Dr. Petra Chu to Lecture on Visual Memory and the Creative Process

March 26, 2009

by Jaime Bates, student newswriter, (254) 710-6805

Dr. Petra Chu, professor of art history at Seton Hall University, will discuss "Visual Memory and the Creative Process: A Nineteenth Century Conundrum" at the Allbritton Lecture at 7:30 p.m. Tuesday, March 31, in room 149 of the Hooper-Schaefer Fine Arts Building on the Baylor campus.

Chu has received two doctoral degrees in art history from Columbia Universityand Utrecht University in the Netherlands. She is the recipient of several research and publication grants, including those from the Guggenheim Foundation, the National Endowment for the Humanities, the Princeton Institute for Advanced Study, the Humanities Centre at Australian National University and the Netherland Institute for Advanced Research at Wasenaar.

Chu is the author of numerous books and articles, many of which focus on the central painter of 19th century French Realism, Gustave Courbet. Her books include French Realism and the Dutch Masters, Courbet in Perspective, The Letters of Gustave Courbet, The Popularization of Images: Visual Culture under the July Monarchy and, her most recent book, Twenty First Century Perspectives on Nineteenth Century Art.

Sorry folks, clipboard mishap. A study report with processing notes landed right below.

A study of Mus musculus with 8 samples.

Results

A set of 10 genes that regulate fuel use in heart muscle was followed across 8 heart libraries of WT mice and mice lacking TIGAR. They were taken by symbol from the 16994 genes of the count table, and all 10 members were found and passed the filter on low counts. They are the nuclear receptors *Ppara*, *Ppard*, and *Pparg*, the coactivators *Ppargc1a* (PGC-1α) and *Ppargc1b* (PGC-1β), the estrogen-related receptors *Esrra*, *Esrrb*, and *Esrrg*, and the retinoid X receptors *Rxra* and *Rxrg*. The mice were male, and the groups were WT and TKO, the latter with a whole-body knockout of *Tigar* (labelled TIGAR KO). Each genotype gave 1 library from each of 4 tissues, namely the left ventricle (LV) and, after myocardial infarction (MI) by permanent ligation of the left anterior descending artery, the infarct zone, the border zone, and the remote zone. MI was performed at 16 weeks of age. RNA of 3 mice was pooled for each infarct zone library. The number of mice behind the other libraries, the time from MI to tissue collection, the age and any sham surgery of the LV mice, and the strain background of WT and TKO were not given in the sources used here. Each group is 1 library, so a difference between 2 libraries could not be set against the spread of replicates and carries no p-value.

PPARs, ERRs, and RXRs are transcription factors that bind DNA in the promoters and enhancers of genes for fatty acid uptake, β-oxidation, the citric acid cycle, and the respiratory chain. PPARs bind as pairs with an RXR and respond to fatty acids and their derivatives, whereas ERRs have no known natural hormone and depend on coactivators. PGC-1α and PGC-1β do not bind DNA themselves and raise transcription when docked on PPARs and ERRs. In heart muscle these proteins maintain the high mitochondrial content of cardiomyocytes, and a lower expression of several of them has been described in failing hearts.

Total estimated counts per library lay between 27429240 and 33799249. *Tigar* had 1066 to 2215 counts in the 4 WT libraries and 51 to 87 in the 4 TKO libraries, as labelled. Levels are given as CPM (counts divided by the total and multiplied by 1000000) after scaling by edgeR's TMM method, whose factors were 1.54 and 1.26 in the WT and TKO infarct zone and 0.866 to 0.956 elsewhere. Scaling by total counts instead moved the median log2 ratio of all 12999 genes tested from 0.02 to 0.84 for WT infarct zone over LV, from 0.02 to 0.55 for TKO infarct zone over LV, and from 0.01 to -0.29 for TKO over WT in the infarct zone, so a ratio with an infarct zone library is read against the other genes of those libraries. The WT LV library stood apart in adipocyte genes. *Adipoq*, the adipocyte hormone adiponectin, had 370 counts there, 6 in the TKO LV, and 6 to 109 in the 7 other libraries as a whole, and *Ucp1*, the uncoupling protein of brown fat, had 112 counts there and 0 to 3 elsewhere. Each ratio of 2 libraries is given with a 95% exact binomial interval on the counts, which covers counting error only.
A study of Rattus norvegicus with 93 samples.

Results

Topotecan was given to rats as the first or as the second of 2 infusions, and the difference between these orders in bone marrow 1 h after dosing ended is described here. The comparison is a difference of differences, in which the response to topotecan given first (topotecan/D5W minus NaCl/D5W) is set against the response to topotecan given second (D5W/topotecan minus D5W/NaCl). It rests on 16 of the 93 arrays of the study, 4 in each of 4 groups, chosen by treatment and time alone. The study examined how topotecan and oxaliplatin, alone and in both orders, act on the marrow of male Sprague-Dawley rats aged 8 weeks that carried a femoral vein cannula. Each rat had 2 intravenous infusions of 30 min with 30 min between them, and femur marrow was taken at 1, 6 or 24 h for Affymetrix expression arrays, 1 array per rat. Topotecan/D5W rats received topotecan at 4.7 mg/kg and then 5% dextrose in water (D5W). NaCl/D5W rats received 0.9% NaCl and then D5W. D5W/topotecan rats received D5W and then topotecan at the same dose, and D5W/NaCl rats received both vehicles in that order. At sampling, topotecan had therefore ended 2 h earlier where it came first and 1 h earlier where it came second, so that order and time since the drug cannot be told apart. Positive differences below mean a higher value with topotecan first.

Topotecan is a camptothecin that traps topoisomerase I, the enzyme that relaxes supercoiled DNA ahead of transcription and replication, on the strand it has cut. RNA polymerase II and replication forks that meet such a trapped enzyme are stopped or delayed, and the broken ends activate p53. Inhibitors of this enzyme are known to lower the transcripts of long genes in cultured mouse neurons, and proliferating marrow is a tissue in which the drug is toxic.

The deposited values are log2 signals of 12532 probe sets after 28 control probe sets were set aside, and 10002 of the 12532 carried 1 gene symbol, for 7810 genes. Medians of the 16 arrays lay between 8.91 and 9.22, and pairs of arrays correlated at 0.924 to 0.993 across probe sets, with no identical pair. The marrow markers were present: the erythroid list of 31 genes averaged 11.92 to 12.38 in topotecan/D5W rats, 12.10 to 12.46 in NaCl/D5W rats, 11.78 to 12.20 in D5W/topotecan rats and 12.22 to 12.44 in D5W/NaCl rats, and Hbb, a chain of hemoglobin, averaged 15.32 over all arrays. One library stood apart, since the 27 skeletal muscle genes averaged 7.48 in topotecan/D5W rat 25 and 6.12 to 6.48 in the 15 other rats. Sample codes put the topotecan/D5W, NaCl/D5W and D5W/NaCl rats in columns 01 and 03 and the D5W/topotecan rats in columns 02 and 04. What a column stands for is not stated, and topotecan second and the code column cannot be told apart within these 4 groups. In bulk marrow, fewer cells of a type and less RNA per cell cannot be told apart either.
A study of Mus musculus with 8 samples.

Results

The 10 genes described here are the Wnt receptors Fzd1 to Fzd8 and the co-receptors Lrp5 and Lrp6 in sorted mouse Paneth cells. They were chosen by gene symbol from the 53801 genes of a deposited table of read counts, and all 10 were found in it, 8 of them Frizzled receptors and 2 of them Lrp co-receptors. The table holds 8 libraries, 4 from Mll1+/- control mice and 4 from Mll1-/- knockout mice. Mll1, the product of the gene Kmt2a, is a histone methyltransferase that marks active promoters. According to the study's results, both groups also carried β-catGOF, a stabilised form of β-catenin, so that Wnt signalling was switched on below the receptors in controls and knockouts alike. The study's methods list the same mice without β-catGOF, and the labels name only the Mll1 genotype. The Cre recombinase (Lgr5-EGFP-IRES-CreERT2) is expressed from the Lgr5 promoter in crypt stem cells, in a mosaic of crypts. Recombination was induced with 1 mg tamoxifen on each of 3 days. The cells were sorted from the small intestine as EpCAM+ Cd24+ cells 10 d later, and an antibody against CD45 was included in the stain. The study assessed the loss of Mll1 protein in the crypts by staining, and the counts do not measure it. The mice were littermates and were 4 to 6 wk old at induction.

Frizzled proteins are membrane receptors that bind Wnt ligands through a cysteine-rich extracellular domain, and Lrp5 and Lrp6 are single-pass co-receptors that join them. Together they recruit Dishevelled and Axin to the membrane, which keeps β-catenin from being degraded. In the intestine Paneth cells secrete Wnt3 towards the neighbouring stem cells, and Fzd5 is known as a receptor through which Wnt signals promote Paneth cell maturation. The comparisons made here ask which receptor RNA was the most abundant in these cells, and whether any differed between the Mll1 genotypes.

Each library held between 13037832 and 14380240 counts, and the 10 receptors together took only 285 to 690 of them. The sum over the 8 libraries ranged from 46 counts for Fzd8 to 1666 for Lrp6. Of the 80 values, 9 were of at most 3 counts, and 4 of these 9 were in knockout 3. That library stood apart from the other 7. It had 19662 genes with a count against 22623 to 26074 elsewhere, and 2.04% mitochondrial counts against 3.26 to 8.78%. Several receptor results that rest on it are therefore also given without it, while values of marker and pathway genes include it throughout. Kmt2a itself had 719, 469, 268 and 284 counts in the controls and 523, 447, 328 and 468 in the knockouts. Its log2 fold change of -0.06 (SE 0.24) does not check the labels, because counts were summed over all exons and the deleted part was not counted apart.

Additionally, Chu is the managing editor of the online journal, Nineteenth Century Art Worldwide, and has served for 10 years as the president of the Association of Historians of Nineteenth Century Art.

In her lecture, Chu will discuss a debate that was widespread among artists in the 19th century: whether the painter should paint something while he was looking at it--a portrait, a still life, a landscape--or whether the painter should invent his picture from memories of the things he has seen and involve his imagination. This topic was under much discussion between Vincent van Gogh and Paul Gauguin while they spent eight weeks together in Arles in 1888 and ended with van Gogh cutting his ear.

"Dr. Chu is a major, active scholar in the study of 19th century European art," said Dr. Karen Pope, Baylor professor of American and 19th century art. "She is dedicated to undergraduate education and will make an important aspect of 19th century art accessible and interesting to her audience."

The Allbritton Lecture began in 1999 and is held each spring. It is designed to bring prominent scholars to Baylor to interact with art history students and to spotlight art history for the broader Baylor community.

For more information the lecture, contact Pope at (254) 710-6385 or Dodi Holland, the assistant director of the Allbritton Institute at (254) 710-1826. More information is also available at www.baylor.edu/art.